Cooperative investing — trade unions for the neoliberal era

photo: CC0 Creative Commons

Part 1: The century of the working man and woman

In the United Kingdom, the 20th century belonged to the working man and woman. It was the century in which working people found themselves holding if not all the cards, then enough of them to make a decent run of things. Industrial growth was dramatic and ever reliant on the hard graft of the working classes. It was also the century during which organised labour got its act together. The power of unscrupulous employers and rentiers begun to be reined in by that of worker solidarity. In politics, we saw the rise of the Labour Party as the defender of the working classes.

Part 2: A slave to the wage

From here on, I am going to lump together the working class and a significant proportion of the middle class. Let’s call these people the “wage class”. These are the people whose income derives mostly, usually overwhelmingly, from salaries and wages in return for their labour. This encompasses even more people than you might guess. An apparent high-roller with BMWs on the gravel driveway may be so far under water with mortgages and car loans that two months out of work would leave him or her filing for bankruptcy.

Part 3: When work doesn’t pay

There have been two main trends in the UK economy since the 1970s: Firstly, there’s been a huge decline in the relative importance of industry as an employer. Secondly, market reforms were introduced in the 1980s, ostensibly to stimulate the economy through debt-fuelled growth and increased private-sector competition.

Part 4: Get rich by owning stuff

Whilst the wage class has been quietly carrying on much as they have done since 1945, the richer part of society has been very busy. The rich (or aspiring rich) have always understood that not only can you get paid for the time and skills you provide, i.e. your labour, but there is also money to be made by owning stuff. Quite a lot of money, it turns out.

All around the world, labour is losing out to capital

With the liberalisation of investing and finance in the 1980s, owning stuff became a lot easier. Those with the money and knowledge have been making fantastic returns through the stock market, property (see my blog post on this) and the smorgasbord of financial products available to the savvy investor. Digital technology is making access to such products easier than ever.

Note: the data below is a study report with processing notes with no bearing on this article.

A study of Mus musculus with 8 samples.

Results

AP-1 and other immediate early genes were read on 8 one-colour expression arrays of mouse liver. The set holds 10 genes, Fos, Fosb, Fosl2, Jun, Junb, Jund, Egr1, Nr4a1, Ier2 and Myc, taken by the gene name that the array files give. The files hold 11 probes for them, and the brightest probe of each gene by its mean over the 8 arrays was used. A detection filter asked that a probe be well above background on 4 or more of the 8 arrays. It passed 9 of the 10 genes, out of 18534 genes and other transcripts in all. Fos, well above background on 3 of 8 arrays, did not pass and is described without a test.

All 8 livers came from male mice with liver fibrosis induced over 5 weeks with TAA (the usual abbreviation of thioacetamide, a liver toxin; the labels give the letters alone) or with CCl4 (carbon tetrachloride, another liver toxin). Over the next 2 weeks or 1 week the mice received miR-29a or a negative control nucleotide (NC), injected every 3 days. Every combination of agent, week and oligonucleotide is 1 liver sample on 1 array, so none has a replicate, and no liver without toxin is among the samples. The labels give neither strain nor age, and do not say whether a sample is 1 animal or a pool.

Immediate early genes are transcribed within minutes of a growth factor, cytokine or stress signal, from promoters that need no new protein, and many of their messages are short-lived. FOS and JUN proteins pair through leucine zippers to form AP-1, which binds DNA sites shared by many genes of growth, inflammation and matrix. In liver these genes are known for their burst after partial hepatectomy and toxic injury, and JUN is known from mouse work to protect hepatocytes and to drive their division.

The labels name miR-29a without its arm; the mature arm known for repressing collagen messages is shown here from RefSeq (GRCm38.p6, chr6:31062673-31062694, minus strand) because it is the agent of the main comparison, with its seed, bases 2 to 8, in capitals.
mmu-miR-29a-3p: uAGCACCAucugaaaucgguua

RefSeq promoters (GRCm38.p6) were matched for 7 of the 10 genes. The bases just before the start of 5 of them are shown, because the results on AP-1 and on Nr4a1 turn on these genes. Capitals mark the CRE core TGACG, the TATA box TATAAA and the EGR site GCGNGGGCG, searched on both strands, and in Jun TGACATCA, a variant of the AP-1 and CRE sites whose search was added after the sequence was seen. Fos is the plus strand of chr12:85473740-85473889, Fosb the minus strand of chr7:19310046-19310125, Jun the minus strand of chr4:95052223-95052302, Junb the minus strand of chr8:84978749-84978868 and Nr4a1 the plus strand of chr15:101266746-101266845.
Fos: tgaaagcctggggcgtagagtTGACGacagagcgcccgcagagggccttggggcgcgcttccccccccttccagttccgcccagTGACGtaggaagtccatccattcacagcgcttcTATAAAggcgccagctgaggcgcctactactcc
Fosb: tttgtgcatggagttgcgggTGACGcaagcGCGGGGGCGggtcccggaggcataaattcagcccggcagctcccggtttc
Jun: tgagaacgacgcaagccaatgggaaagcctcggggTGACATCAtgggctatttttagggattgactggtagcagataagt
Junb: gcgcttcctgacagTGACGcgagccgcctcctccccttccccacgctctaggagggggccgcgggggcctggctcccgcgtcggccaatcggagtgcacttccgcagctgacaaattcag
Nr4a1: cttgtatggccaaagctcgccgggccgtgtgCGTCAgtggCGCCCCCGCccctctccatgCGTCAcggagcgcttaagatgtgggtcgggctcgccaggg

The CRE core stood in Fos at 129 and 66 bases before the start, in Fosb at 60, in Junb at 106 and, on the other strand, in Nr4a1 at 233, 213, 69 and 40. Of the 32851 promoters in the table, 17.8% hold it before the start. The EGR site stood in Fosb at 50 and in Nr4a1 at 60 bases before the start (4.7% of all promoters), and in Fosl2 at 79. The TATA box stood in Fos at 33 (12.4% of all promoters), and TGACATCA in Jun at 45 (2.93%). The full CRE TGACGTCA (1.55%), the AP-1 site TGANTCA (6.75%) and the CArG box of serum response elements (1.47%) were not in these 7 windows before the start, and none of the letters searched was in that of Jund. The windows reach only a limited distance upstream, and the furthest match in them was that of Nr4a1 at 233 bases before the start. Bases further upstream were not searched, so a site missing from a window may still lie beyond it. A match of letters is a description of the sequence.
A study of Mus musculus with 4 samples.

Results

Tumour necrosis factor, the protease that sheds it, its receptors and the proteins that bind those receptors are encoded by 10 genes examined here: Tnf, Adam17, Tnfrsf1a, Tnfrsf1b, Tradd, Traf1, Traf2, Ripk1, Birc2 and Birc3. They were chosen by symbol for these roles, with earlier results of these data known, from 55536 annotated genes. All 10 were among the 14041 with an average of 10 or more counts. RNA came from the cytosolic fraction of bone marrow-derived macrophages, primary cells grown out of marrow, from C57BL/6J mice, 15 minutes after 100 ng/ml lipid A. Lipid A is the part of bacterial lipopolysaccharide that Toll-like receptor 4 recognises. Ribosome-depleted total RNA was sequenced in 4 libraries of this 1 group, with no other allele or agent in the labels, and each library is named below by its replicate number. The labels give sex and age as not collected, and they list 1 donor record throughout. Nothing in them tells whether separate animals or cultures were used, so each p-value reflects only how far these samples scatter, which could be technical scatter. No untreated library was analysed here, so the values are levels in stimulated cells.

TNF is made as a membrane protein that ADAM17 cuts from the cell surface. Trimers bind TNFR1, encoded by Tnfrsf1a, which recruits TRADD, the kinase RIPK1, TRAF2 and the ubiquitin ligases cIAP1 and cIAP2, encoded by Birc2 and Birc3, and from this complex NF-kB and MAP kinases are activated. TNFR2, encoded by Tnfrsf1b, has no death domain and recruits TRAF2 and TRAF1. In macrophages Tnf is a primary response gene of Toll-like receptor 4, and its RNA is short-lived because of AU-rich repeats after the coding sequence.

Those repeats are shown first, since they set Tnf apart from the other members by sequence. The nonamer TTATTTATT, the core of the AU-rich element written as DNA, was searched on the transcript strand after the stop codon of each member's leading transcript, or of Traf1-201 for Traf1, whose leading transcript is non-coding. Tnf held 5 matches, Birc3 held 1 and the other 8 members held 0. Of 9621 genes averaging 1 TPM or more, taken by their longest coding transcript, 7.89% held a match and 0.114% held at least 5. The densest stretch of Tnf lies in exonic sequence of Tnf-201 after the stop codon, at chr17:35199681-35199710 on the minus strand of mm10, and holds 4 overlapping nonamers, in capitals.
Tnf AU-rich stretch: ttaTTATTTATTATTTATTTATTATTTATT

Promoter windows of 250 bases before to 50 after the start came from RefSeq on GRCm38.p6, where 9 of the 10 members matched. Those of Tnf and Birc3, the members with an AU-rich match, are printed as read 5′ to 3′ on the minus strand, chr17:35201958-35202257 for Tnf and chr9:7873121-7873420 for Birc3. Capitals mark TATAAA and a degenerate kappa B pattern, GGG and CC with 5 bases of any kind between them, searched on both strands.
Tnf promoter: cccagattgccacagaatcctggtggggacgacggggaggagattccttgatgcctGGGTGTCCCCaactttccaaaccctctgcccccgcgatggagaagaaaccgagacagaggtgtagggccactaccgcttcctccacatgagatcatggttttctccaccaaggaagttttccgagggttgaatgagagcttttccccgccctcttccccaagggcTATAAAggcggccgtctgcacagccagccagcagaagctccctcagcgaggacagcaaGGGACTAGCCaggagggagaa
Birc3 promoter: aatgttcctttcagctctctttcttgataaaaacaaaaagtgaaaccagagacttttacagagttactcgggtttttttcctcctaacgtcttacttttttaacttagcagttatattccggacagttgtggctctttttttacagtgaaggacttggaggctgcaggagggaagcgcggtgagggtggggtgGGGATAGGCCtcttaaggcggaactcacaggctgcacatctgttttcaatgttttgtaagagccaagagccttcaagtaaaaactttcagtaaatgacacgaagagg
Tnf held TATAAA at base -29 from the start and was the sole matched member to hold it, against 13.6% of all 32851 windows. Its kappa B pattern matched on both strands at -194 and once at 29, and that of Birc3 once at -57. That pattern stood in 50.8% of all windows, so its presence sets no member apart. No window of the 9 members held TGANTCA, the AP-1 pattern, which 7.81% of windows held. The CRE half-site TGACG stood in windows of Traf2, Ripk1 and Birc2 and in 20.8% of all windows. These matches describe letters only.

Part 5: Train up or lose out?

So what’s the solution to the falling value of labour? Successive British governments seem to believe there is only one solution: “Education, education, education” : those were the three things Tony Blair promised to focus on in his 1997 election campaign. The average value of labour is falling, but if you train up, go to university, you’ll land yourself a well-paid job in a high-tech sector. And it’s not just the UK; this has been the policy followed in many developed countries in recent years (with countries like Germany perhaps being exceptions).

Part 6: Beat them at their own game

What we need is for the wage class to follow the example of the rich because, as we all know, if you can’t beat ’em, join ’em. If the economy is geared so that more and more of income growth from improvements in productivity are funnelled to the owners of capital, we need a way for the wage class to become the owners [Note 2].

A way forwards

I believe that an investment cooperative has the potential to allow members of the wage class to both profit from the benefits of an expanding economy in the same way as their richer counterparts, and to be a new source of influence and power in pursuit of fairer pay and conditions for workers throughout the UK.


David de Caires Watson

Nuclear futurist, chartered physicist, safety engineer, amateur birder and pedal power enthusiast. Writer for The Kernel mag. Founder of Atomic Trends.